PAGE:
Friendlier skies for those with dementia
Andrea Nissen is trying to prepare her 65-year-old husband, who has Alzheimer’s disease, for a solo flight to visit family in Oklahoma. She worries about travelers and airport officials misinterpreting his forgetfulness or habit of getting in people’s personal space, and feels guilty about not being able to accompany him.
“People say, ‘He has dementia. You can’t let him go by himself,’” Nissen said.
But attending a dementia-friendly travel workshop in July helped ease some of those fears. Nissen learned about the resources available at Phoenix Sky Harbor International Airport and what assistance airlines can offer when asked.
It was the first time the city of Phoenix hosted such a workshop, making it the latest U.S. city pledging to make flying friendlier for people with dementia.
Nearly a dozen airports — from Phoenix to New Orleans — in the last few years have modified their facilities and operations to be more dementia-friendly, advocates say. They’ve added amenities like quiet rooms and a simulation center where travelers with dementia can learn about flying or get a refresher. [Ed. Note: As of press time, no participating airports exist in the D.C. area.]
Looking for a gate, trying to remember flight times or following terse commands from Transportation Secsurity Administration agents while in line with others can overwhelm someone with dementia. Symptoms like forgetting words can be mistaken for being under the influence of alcohol or drugs.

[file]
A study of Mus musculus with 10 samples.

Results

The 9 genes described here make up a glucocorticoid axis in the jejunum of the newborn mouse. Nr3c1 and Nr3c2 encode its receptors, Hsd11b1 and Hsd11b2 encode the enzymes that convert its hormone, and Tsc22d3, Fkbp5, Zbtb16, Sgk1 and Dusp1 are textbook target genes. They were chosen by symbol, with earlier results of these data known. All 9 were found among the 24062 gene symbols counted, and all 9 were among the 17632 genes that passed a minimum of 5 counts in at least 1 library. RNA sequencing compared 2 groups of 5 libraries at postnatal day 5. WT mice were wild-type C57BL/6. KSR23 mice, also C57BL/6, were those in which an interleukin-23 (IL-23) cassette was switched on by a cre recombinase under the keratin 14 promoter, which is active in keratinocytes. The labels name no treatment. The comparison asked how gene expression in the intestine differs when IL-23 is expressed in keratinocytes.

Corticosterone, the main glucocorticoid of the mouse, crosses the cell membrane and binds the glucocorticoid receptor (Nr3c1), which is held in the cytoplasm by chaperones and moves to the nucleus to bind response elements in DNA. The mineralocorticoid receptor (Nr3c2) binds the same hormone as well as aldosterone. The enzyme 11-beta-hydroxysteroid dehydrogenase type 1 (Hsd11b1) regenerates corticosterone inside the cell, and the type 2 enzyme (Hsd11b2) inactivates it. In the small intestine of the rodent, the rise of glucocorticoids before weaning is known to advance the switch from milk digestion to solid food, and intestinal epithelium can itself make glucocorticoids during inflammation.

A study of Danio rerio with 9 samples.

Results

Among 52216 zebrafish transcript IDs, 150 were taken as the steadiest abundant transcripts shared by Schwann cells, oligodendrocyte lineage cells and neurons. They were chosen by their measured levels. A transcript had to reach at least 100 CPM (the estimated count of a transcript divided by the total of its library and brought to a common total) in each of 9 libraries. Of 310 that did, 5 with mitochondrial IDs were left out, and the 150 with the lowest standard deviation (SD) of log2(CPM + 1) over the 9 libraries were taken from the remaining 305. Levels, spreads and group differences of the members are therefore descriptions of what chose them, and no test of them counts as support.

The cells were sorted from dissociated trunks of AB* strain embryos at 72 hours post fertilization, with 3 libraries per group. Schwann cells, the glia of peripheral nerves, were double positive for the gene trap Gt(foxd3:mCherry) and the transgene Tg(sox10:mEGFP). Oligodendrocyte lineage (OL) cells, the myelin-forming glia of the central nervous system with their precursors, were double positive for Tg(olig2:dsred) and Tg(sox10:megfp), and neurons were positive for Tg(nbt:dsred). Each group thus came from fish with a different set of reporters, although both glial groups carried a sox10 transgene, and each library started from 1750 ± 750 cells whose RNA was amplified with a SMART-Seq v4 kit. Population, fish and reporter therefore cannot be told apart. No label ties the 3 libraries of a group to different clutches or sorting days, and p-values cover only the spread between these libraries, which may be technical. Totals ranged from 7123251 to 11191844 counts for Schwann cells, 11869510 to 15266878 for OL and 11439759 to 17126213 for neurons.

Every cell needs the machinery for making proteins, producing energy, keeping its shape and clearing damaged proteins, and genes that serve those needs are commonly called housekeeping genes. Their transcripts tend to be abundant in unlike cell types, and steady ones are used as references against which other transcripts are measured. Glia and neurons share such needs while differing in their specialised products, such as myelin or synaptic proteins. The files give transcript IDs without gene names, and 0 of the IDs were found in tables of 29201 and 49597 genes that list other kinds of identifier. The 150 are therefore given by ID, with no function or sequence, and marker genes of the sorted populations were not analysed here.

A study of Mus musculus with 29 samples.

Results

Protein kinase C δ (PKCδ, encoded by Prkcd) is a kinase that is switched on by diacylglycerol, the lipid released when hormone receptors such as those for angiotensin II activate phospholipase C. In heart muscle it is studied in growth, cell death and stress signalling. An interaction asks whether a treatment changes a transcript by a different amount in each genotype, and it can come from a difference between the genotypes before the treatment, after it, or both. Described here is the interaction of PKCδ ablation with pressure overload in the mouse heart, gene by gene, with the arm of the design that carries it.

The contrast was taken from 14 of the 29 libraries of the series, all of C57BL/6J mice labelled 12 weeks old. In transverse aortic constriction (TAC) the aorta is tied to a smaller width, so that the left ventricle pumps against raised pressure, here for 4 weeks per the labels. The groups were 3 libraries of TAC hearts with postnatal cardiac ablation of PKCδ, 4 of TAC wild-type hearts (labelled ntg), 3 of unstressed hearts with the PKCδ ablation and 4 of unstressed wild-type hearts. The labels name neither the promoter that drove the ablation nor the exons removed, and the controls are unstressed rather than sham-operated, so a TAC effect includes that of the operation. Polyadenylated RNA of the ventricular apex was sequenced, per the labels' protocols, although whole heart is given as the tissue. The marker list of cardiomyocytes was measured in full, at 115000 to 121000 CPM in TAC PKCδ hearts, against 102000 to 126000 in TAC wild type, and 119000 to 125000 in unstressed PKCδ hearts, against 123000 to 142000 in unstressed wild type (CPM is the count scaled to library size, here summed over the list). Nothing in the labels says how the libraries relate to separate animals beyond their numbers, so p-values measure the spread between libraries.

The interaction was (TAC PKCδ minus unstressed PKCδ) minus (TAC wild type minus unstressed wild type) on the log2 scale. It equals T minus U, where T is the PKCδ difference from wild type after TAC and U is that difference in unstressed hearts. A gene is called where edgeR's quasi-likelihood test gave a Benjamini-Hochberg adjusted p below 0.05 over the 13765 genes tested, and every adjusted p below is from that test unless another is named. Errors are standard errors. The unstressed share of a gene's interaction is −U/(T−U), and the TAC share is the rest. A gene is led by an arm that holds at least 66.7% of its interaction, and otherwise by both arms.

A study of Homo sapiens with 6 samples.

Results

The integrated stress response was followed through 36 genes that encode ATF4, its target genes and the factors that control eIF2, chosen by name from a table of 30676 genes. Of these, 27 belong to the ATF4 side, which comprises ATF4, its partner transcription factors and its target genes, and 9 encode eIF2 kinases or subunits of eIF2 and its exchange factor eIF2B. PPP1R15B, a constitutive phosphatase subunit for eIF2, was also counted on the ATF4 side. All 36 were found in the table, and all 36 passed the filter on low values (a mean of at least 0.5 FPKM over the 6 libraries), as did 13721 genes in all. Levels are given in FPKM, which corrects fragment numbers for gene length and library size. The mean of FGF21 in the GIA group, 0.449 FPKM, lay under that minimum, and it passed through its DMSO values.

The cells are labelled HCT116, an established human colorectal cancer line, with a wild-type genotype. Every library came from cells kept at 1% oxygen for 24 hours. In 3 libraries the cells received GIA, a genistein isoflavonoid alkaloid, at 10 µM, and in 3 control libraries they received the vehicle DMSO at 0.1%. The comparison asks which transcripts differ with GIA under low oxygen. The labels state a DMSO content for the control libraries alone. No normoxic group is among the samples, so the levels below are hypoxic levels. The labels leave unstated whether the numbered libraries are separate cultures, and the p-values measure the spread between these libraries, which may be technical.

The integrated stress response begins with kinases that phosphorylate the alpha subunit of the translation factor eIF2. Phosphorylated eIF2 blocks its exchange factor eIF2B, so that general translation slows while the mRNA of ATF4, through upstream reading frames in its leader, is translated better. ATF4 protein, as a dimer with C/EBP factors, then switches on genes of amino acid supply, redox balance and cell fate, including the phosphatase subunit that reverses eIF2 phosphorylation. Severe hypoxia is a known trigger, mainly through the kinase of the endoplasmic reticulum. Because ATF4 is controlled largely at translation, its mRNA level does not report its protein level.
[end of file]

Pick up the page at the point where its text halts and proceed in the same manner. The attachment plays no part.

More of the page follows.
Many airports ‘behind the curve’
But most large U.S. airports are behind the curve on serving travelers with dementia when compared with some airports in Australia and Europe.
Dementia isn’t covered by the Americans with Disabilities Act, so nobody is compelled by law to make changes, said Sara Barsel, a former special education teacher and founder of the Dementia-Friendly Airports Working Group, which lobbies for airports and airlines to enact dementia-inclusive policies.
Part of the reason she suspects there aren’t more quiet rooms at airports is because they don’t generate revenue, she said.
“I don’t know what their constraints are in terms of economics. I know what the impact is, and the impact is that there’s less for people who need quiet spaces,” said Barsel, who is based in Roseville, Minnesota.
The group, which was founded in 2018 by experts in dementia and Alzheimer’s, helped add lanyard and other programs to airports.
London’s Gatwick Airport created the Hidden Disabilities Sunflower lanyard program in 2016, which is now in over 200 airports globally. Light-green lanyards with a sunflower pattern are issued to anyone who wants to subtly indicate they or a travel companion has dementia or a not-as-visible disability. The lanyards let airport and airline personnel know the traveler may need more attention or to have information repeated.
One of the first airports the group reached out to was the Missoula Montana Airport, which became certified as a “sensory inclusive” facility in March. The group went over issues that can arise with lighting, floor design and noise. It also incorporated the sunflower lanyards.
“It’s already a high-stress, anxiety-driven environment for anyone not suffering from a hidden disability,” said airport Deputy Director Tim Damrow.
“We wanted to make sure that everyone is welcomed and treated with the dignity and respect they deserve.”
Jan Dougherty, a registered nurse who has written a book on traveling with dementia and led the Phoenix workshop, said with the right support, people with dementia can travel safely.
“So many people early on [after diagnosis] are capable of travel with some accommodation,” she said.
For more information, see dementiafriendlyairports.com.